East New Market gets an ‘A minus’ in town’s audit


General Fund Revenues exceeded last year by $1,031 with most items “fairly close to the budget.” If grant money is removed the income was about $6,000 less than the previous year because of decreased personal property taxes and increased interest rates.

Most expense categories in the General Fund came in under budget for the year. The General Government category was about $18,000 under the budget. Public works was close to last year at about $5,000 under budget. Actual expenses were $340,350.

The General Fund covered all expenses, paid $9,500 for Friendship Park playground equipment not received in grants, and paid principal on a note. The General Fund “held its ground and gained $4,235.”

A transfer of $16,387 to the School Apartments Fund helped with the school’s cash flow which decreased the General Fund balance but according to Mr. Diehl, “it did great. The General Fund did what it was supposed to do.”
Revenue for the Highway Fund was slightly over budget and about $400 above last year.

The Highway Fund “covered itself this year and the fund balance went up by $397.

Revenues for the Water/Sewer Fund were down about $17,000 compared to last year. Mr. Diehl noted “The number is a little off because about $9,000 of abatements lowered the income this year. Sales were down about $7 or $8,000. Expenses compared to last year were very close and “came in under budget on most things,” the auditor said.

Water/Sewer operating revenues were $251,060 and total operating expenses were $373,522. After interest income and payments were included, principal payments of $38,650 removed, and depreciation added back, the Water/Sewer Fund gained $2,558 and continues to be self-sufficient. Mr. Diehl said the fund “Paid all its bills, paid the principal on loans and did what it was supposed to do.”

The Twin Cities Wastewater Treatment Plant Fund income rose a little but so did expenses. They are equal except for some grant money. Expenses went up about $8,000 for the year. Chemicals, wages, repairs and maintenance went up to keep old equipment going. A grant of $49,041 for the new plant was used and a second grant for $67,000 was received. Costs were about $40,000 over last year. “This changed by about $544 more of expenses on our side because insurance rose by $1,088 after an insurance audit that doubled costs for FY2014.”

Rentals in the School Apartment Fund were up by $3,000 with expenses about $4,000 more than last year. To help with cash flow funds were transferred from the General Fund.

Mayor Caroline Cline said, “I think the profile for this coming year is going to be more rosy than it has before because occupancy is full.”

Commissioner David Tolley noted that the town will pay off $13,000 remaining debt which has carried a high interest rate of 5 percent. Seven years ago when Mr. Tolley was elected to the commission the grade from the auditor was a D. “We’ve gone from a D to an A-. We’re looking out for the taxpayers and that’s the way it should be.”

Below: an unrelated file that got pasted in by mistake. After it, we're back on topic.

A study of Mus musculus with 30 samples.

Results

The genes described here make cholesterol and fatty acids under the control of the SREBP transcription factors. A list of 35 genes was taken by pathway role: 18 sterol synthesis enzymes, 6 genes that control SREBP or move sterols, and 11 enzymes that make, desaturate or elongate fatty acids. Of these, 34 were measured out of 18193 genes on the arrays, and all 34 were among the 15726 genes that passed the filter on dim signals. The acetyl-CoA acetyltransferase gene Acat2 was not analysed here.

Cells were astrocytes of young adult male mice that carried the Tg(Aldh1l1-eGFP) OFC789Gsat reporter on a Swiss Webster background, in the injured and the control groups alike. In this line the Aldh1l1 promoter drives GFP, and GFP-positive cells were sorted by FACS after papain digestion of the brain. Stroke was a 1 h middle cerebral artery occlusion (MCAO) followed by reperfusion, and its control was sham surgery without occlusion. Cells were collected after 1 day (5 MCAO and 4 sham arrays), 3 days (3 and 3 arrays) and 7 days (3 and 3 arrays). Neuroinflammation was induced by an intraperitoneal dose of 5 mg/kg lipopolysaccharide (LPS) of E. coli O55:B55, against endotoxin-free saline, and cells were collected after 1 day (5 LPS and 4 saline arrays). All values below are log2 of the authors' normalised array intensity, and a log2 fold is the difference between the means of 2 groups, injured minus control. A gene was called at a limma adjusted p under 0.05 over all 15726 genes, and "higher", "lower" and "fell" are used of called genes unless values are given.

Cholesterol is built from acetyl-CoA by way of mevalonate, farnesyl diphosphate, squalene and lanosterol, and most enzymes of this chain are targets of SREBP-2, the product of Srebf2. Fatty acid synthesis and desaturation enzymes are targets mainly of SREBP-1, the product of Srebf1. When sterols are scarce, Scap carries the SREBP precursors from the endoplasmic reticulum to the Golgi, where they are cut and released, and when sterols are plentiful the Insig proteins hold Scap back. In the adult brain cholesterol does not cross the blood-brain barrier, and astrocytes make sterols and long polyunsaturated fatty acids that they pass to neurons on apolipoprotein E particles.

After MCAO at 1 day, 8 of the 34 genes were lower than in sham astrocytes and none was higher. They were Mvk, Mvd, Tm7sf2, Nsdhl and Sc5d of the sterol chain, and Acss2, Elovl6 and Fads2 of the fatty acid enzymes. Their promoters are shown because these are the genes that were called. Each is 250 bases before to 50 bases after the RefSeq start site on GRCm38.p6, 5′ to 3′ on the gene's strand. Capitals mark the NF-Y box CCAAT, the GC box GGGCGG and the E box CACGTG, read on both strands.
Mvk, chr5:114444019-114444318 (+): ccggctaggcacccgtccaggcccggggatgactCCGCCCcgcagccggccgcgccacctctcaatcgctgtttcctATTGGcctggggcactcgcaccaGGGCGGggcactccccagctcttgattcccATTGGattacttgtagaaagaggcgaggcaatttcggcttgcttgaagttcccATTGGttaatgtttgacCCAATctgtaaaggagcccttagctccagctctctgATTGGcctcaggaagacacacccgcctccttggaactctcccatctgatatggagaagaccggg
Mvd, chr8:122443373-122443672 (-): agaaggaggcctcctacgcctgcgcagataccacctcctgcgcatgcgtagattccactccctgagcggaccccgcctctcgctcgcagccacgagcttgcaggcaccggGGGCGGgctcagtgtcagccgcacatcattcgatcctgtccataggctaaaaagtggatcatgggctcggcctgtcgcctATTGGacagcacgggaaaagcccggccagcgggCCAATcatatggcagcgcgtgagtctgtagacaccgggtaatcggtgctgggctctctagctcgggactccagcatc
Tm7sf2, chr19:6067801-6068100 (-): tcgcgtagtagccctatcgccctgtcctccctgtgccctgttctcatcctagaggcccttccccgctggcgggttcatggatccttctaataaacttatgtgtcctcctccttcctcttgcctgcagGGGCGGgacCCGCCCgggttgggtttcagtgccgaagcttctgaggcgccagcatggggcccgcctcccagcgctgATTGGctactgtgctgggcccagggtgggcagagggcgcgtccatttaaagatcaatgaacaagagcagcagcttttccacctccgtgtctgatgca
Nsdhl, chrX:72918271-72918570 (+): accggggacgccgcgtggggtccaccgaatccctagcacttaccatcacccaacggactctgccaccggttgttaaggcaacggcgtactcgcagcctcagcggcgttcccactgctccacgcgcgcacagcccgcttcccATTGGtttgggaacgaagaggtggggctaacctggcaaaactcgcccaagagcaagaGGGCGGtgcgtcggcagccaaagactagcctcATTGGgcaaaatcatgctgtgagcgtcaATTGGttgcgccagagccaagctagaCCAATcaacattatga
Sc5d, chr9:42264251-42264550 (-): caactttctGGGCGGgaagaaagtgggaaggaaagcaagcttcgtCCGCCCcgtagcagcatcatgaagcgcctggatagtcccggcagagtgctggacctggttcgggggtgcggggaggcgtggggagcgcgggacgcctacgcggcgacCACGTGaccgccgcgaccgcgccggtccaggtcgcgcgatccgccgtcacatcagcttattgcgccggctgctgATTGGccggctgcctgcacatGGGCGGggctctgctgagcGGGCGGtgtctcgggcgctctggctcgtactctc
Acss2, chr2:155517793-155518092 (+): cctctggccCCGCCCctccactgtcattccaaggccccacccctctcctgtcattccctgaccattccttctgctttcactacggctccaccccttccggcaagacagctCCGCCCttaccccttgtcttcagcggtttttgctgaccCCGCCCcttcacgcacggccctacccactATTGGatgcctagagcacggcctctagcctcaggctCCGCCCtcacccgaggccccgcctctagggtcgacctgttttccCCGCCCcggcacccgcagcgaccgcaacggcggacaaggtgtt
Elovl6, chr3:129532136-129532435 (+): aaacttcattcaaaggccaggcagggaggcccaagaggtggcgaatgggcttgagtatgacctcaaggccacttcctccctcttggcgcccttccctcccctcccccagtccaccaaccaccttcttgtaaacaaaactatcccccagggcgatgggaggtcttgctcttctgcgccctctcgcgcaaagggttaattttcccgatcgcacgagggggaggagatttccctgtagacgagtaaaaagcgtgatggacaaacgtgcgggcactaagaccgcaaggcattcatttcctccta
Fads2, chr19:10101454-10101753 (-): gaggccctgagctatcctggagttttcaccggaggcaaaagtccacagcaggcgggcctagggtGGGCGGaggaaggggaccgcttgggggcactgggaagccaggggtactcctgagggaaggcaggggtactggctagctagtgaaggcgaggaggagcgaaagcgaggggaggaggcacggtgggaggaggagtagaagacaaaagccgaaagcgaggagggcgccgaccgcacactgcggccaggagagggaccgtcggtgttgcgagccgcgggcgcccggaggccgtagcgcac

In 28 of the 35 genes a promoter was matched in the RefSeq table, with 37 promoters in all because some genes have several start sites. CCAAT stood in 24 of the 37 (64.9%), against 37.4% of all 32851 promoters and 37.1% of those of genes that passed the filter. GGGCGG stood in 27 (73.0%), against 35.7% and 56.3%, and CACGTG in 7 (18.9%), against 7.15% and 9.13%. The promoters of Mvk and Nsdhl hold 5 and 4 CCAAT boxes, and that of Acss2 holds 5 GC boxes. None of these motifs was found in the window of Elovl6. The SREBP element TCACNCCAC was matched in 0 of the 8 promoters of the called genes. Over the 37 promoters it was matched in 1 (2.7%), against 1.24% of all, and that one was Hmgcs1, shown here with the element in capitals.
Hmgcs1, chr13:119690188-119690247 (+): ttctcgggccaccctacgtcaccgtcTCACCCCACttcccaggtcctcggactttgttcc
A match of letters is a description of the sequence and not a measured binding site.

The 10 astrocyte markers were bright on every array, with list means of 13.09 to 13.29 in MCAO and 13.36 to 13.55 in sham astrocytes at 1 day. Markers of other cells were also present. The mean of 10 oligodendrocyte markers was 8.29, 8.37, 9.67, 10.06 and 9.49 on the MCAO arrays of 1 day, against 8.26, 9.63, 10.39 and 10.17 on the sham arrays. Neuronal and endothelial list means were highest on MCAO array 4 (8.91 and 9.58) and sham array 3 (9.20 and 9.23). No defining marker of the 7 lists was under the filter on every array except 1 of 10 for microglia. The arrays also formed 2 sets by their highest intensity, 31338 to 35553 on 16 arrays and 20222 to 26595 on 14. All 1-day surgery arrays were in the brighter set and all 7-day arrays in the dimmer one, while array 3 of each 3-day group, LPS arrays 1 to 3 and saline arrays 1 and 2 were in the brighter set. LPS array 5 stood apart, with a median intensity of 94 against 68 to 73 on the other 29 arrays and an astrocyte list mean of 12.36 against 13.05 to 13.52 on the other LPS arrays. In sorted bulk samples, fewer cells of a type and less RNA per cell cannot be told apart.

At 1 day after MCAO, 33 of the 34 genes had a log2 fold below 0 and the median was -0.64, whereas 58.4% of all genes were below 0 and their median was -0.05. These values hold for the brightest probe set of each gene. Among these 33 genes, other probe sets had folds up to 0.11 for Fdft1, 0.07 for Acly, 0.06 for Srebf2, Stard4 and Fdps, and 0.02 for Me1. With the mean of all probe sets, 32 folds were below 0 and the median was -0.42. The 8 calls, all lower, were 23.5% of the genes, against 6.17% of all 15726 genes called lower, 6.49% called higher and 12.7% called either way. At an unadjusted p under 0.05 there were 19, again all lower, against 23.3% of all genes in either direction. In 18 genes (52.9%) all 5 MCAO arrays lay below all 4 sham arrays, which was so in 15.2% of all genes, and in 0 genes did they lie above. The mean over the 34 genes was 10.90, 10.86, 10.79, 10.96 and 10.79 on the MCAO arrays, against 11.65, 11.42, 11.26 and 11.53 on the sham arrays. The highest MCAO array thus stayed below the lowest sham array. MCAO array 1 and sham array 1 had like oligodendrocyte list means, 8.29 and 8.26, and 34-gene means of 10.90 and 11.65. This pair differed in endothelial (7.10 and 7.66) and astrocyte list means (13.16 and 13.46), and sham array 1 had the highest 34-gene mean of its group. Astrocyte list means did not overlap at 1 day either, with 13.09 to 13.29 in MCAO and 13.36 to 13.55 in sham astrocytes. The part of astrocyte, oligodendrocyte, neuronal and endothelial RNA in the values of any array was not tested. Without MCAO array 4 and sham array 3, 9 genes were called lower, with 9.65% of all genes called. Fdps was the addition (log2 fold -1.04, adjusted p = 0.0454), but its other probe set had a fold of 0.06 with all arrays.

State Delegate Chris Adams attended the meeting to listen to local officials and help in any way he can. He said during his campaign he knocked on 6,000 doors. After his election to the state General Assembly he is meeting with leadership in district 37B to ensure that legislative decisions are driven from the local level rather than in Annapolis. He cited “Challenges with economic development throughout the shore. It is hard to do business in Maryland and especially hard on the Eastern Shore.”

Mayor Cline described three loans from the 1980s for the wastewater treatment plant. “The concern is that the largest outstanding loan, for $66,000, reads ‘in perpetuity’ and we hope to somehow get that language changed because it’s kind of scary.” Delegate Adams promised to make inquiries about the wording in the contract.

The Walking Trail construction project is proceeding and the mayor hopes for approval from the appropriate state agencies within one to two months. She noted progress with renovations to the train station as well. An architectural historian is on board as required by the Maryland Historical Trust. He will do an architectural survey and then help the town find a contractor to move forward with the project.

Zoning and Code Inspector Nancy Jackson reported that two of five re-inspections were abated and four notices of violations, sent in October, are scheduled for re-inspection in November.

The official Christmas tree lighting ceremony is set for Dec. 11 at 6 pm. It will feature Santa Claus, an Elf, candy, and a school choir. The annual decorating contest is slated for Dec. 18 at dusk so those who are competing are asked to turn on their lights that evening.

Cindy Merrick and Mary Dennard-Turner and resident Wayne Tanton are planning Christmas celebration activities that promise to appeal to residents county-wide.

Susan Bautz is a freelance writer for the Dorchester Banner.